Karachi: On Thursday, the Sindh High Court (SHC) has rejected all constitutional petitions including those filed by its Labour Union that opposed privatisation of K-Electric (KE). The court had reserved the judgement on December 13, 2017.

According to the details, the KE’s labour union had approached the court in 2005 against the government’s decision to privatise the power utility. In court, the labour union leader said that only court knows why it took 15 years to come to this decision.

He further added that the union will consult lawyers to challenge the SHC’s decision in the Supreme Court and any decision will be made afterwards.

The court while announcing its reserved verdict stated that the process of privatisation of KE was not ‘illegal’ and the applicants failed to satisfy the court that why the KE cannot be privatised.

Last year in the month of July, the Federal Minister for Planning and Development Asad Umar said that if there is no legal binding on agreement with KE then it should be made public.

KE on its official Twitter handle welcomed the decision by Sindh High Court in favour of the power utility. KE in its Tweet wrote:

“K-Electric (KE) welcomes the landmark decision by the Honourable Sindh High Court under which all petitions challenging privatisation of KE have been dismissed in favour of KE, its shareholders, and the Privatisation Commission (GOP), as announced in the open court today.”

On December 13, 2017, the SHC reserved its judgment on a petition against the privatisation of the K-Electric and transfer of the company’s shares and administrative control to a Dubai based company Abraaj Capital.

The electricity utility’s labour union had challenged the company’s privatisation in 2005, contending that the process for privatising the organisation, then Karachi Electric Supply Corporation (KESC), was carried out in violation of Article 154 of the constitution, as neither prior approval of the Council of Common Interests (CCI) was sought, nor was the process supervised or controlled.

The petitioner had also questioned the transfer of shares and administrative control of the public utility to a Dubai based company, Abraj Capital. The labour union contended that the Privatisation Commission kept everyone in dark about the exact terms and condition regarding the sale of KESC to the reconstituted Hasan Associates.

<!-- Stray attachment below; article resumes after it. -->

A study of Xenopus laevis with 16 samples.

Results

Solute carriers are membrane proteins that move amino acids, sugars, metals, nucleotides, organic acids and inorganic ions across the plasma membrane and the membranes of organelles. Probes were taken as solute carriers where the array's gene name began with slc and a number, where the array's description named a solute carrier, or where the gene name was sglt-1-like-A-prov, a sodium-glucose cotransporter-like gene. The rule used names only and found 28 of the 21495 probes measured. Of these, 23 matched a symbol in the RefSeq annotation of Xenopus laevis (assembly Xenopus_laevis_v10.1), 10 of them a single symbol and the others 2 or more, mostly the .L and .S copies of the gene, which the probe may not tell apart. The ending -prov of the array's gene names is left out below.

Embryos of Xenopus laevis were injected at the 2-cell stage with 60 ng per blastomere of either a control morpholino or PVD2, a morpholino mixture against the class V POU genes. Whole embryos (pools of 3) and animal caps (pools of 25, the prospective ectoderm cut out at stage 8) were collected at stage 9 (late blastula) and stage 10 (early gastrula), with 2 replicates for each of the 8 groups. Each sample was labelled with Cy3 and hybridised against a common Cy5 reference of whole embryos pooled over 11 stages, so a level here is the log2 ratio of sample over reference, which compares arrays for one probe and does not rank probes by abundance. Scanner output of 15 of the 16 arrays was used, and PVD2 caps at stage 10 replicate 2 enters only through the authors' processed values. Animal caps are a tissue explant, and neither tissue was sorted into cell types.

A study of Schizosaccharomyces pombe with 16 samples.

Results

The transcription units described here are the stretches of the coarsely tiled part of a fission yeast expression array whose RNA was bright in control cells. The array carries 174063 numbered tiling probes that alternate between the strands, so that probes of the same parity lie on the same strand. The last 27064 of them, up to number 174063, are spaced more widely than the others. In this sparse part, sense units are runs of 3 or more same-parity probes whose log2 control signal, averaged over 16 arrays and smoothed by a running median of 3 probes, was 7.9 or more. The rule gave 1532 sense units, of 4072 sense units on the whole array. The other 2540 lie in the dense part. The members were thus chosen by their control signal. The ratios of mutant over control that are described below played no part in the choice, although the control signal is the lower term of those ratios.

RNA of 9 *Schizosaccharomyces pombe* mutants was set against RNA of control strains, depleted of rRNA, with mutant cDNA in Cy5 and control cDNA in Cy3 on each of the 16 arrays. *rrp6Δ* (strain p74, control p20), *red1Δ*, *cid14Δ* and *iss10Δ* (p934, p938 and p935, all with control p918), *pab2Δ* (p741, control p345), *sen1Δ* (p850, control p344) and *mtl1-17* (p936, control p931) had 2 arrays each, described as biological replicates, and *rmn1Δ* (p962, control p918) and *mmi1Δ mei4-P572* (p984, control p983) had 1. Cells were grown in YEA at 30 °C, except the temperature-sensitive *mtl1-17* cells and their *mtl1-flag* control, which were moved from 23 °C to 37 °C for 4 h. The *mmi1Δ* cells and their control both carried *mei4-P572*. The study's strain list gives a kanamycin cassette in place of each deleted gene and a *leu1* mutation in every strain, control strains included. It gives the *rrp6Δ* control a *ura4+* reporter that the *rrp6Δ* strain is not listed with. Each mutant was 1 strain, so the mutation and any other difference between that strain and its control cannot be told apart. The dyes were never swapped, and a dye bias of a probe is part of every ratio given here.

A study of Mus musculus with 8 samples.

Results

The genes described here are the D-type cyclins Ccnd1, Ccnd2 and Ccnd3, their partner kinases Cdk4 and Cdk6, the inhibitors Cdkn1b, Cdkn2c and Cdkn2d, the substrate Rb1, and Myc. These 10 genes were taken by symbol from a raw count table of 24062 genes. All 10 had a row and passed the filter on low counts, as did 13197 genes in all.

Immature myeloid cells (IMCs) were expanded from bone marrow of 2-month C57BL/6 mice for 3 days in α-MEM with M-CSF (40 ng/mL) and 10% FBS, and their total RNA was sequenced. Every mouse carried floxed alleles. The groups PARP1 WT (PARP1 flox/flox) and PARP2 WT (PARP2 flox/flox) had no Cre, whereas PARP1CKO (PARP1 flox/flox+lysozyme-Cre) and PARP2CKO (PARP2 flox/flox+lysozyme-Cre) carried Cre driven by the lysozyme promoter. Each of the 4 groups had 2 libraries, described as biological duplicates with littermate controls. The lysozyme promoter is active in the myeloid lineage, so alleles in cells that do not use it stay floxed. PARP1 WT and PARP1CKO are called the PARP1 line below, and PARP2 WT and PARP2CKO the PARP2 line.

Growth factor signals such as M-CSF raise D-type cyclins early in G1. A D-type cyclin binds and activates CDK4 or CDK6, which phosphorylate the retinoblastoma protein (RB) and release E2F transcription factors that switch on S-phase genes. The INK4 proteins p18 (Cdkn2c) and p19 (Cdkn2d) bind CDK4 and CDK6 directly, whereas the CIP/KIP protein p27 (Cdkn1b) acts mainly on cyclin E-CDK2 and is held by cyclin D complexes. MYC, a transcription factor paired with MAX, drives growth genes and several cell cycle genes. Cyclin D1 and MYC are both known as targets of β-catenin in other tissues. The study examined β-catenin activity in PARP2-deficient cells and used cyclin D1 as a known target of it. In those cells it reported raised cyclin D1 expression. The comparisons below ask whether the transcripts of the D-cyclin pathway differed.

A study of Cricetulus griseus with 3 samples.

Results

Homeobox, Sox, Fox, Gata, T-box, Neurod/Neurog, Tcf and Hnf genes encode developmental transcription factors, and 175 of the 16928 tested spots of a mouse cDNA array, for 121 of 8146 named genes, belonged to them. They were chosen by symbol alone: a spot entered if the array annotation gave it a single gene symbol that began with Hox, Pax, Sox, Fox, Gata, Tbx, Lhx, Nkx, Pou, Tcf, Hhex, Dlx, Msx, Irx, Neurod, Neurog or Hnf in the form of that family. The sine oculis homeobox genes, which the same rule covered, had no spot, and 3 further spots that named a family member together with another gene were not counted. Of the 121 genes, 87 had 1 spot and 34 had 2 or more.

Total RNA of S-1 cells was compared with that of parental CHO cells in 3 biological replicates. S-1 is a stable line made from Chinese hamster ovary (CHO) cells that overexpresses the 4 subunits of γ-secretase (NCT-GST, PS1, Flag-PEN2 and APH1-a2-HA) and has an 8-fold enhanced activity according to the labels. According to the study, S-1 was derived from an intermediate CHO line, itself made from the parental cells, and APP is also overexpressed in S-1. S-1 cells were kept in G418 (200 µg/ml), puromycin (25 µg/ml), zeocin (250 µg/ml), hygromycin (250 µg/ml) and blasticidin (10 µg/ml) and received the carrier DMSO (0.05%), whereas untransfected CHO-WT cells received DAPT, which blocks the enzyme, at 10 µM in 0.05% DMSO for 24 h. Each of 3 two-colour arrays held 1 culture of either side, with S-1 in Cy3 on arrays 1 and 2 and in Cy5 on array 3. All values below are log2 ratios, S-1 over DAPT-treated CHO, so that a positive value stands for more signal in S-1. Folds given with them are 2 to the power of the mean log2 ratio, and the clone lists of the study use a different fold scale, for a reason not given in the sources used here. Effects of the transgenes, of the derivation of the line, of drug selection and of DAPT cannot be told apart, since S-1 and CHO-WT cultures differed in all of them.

The petition maintained that the shares of the company were transferred without inviting a fresh tender or bid for selling the shares. The counsel of the petitioner further submitted that the KE’s current shares were now being sold to a Chinese company by the Abraaj Capital.

The case has been pending in the SHC since 2005 and the commission had earlier submitted in its comments that the privatisation process of KESC was not conducted under any secrecy, and that all the major stakeholders of the company were consulted and kept abreast of all major development at every stage.

The commission had received a full price of $265 million (Rs 15.90 billion) and 73% shares of KESC along with management control were transferred to the reconstituted Hasan Associates, in 2005.

The counsel for Abraaj Capital submitted that the transfer of shares of KE to its company was done in accordance with the law and approval of the commission. Maintaining that the transfer of shares to a Chinese company is a business agreement between two companies that could not be challenged here, the counsel requested the court to dismiss the petition. The SHC bench headed by Justice Aqeel Ahmed Abbasi after hearing the arguments reserved its judgment three years ago.